About this Notebook
This notebook is an attempt to make the humanities research process more open. I'm following the lead of notebooks by people like Jason Heppler, W. Caleb McDaniel, Mark Madsen, Shawn Graham, and from the sciences, Carl Boettiger.
If you've somehow arrived here looking for my regular website: thanks and welcome! That site lives over here.
As an instruction librarian who has researched a range of interdisciplinary subjects and taught composition courses, I feel that it'd benefit all of us—as we move between and blur the roles of enthusiasts, scholars, students, researchers, makers, writers, etc.—to be more open about processes. I've long claimed that libraries are the intellectual "maker space" of academies. An open research notebook like this is one way to perform that "maker" process clearly.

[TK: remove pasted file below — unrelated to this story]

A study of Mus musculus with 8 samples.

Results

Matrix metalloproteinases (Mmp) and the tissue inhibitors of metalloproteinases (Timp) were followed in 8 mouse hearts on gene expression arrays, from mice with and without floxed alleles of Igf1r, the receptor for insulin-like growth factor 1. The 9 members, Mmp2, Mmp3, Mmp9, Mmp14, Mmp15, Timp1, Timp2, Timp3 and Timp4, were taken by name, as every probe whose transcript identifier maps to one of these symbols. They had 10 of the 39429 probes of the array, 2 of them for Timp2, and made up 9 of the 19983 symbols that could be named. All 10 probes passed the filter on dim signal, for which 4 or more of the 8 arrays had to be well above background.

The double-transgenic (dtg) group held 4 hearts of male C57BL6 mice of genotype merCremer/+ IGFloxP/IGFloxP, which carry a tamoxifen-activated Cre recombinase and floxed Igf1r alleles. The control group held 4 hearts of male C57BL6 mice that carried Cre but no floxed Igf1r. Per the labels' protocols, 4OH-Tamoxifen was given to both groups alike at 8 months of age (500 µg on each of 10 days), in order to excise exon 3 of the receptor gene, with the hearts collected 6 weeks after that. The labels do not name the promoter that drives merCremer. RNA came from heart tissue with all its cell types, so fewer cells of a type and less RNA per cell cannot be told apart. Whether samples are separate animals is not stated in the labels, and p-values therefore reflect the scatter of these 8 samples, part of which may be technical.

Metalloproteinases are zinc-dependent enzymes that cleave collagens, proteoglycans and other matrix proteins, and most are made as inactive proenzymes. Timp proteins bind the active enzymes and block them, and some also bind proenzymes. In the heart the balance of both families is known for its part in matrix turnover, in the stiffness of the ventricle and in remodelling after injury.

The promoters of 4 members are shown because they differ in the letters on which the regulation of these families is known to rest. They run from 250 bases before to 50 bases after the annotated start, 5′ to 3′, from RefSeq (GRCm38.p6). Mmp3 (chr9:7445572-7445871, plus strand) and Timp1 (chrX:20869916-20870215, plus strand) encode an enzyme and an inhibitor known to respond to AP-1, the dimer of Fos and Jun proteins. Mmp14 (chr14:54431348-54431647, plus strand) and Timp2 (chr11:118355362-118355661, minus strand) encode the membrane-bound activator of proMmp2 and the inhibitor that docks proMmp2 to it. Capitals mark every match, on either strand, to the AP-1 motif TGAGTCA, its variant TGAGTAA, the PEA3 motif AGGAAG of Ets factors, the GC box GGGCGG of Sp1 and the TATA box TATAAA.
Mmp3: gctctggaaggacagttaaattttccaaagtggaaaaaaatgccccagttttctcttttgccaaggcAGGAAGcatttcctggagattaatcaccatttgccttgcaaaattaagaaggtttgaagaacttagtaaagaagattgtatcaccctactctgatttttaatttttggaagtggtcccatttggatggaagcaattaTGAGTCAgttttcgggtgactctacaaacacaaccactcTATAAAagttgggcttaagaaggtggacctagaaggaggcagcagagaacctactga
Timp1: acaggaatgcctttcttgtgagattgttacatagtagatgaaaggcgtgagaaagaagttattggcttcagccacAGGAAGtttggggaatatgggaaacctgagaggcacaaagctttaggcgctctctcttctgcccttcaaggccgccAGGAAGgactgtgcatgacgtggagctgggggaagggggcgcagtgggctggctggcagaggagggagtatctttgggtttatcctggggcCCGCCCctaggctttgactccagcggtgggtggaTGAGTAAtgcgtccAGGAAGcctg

At least as of 2016-05, I'm using a very lightweight version of the new MLA Style, 8th edition. This is an intentional choice, a move to underscore that library & information studies can be performed with humanities tools. For now I'll also attempt to provide links to WorldCat and at least one other place for each source I write up—unless it's a book, in which case WorldCat is enough. On a simple level, this aims to promote access. It's also intended to acknowledge which sources are open access, which authors have generously labored to make their work available through an institutional or personal repository, and which sources lie behind paywalls that I am lucky enough to have sufficient information privilege to access. Working at a community college, I'm keenly aware of information privilege and hope this practice will highlight the insidious ways even those of us in library & information studies perpetuate societal inequalities around access. If you happen to be an author of one of these sources and have an open access version available online that I've missed, please let me know via Twitter or email and I will happily update my notes with a link!